Final Fantasy 16’s main director has provided some new details on how the game makes use of the PS5 DualSense controller’s features.
In a PlayStation Blog interview, Hiroshi Takai said the game utilises the controller’s adaptive triggers and haptic feedback in battle and during exploration.
“There are certain sections where the player will have to open heavy doors or lift up portcullises, and we use the adaptive triggers there to put across that feeling of effort and resistance,” he said. “They’re also used when riding chocobos.
Final Fantasy XVI - 'Revenge' trailer
“The haptic feedback can produce extremely subtle vibrations, which we use to create a heightened feeling of presence in cutscenes,” Takai continued.
“We converted the sound effects used in each scene into haptic data, which let us portray details that we’ve never been able to before, like the movements of the air.”
Earlier today, Square Enix announced that Final Fantasy 16 has gone gold, meaning the main development of the game has been completed ahead of its release on June 22.
Notice: To display this embed please allow the use of Functional Cookies in Cookie Preferences.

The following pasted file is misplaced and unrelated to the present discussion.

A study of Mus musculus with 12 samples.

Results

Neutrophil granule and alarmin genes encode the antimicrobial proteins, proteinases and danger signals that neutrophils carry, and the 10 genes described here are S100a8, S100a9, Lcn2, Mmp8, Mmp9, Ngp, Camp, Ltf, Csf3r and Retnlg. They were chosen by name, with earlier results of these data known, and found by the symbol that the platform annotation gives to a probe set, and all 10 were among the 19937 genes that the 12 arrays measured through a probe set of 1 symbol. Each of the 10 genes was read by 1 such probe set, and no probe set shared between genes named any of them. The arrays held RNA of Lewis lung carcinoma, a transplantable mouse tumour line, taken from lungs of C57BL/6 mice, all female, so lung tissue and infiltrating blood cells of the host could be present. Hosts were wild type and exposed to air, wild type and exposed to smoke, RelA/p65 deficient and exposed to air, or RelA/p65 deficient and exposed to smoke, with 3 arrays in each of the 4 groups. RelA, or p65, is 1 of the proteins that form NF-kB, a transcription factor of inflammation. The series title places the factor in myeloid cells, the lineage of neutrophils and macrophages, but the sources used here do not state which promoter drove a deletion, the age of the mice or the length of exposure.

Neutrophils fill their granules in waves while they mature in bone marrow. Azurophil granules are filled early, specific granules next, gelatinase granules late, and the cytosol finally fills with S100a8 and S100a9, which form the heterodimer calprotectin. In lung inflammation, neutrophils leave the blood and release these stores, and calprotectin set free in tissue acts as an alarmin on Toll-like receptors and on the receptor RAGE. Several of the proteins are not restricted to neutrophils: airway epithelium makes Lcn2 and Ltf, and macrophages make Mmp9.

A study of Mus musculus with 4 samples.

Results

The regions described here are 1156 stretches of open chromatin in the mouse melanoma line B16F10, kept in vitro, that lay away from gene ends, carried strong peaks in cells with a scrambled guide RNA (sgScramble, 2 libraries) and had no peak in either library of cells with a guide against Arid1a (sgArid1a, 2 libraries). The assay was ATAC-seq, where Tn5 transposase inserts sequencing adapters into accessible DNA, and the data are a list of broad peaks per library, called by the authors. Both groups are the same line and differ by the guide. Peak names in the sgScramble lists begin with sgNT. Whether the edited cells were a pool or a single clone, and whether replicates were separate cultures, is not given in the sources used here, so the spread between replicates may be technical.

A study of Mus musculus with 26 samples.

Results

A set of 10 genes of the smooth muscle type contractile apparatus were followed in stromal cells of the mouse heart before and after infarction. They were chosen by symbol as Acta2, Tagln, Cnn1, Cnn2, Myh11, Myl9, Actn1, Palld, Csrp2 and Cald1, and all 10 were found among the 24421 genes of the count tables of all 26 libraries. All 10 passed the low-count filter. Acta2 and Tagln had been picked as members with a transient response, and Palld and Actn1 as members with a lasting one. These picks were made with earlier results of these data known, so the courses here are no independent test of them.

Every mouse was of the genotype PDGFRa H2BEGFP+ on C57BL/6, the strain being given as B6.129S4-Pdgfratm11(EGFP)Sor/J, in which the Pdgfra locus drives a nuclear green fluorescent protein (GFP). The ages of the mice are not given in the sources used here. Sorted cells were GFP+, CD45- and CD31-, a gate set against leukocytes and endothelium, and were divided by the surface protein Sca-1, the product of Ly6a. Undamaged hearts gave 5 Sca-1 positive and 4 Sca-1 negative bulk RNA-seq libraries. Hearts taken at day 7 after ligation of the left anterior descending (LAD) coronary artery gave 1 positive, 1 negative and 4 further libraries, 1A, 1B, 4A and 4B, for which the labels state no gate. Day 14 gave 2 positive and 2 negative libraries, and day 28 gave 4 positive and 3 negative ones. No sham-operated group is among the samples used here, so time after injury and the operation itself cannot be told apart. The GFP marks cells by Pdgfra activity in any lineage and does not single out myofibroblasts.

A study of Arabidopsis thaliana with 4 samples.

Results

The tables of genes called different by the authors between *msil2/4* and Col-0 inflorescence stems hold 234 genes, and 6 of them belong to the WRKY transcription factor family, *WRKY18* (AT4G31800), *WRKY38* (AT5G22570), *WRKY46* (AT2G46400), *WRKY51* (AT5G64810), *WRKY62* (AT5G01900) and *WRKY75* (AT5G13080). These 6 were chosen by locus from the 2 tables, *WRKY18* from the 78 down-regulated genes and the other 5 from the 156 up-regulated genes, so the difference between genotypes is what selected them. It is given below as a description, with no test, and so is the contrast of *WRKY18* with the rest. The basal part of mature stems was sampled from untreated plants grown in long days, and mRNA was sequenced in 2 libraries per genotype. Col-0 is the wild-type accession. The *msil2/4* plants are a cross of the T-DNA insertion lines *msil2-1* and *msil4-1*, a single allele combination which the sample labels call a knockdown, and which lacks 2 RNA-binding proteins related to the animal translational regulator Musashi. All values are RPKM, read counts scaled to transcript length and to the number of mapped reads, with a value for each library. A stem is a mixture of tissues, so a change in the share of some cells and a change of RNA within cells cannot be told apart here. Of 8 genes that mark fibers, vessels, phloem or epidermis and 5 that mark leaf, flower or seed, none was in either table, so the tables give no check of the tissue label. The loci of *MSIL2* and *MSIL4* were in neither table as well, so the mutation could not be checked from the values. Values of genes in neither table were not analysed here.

Producer Naoki Yoshida recently said he’d like to see a PC version of the game released “eventually”.
“First of all, it is true that Final Fantasy XVI is a six-month limited time exclusive on the PS5 platform,” he told the Japanese PlayStation Blog (translated by Google). “However, it is a completely different story that the PC version will be released in half a year. I will make it clear, but the PC version will not come out in half a year.
“This is because we spent a lot of time and money optimizing the PS5 platform to deliver the best gaming experience. Of course, I would like to release a PC version at some point so that everyone can play as many games as possible.
“However, even if we start optimizing the PC version after the PS5 version comes out, we won’t be able to optimize it in half a year, so it won’t come out in a short span of half a year. I would like to release it eventually, and I think I will, but I am not at the stage where I can say when.”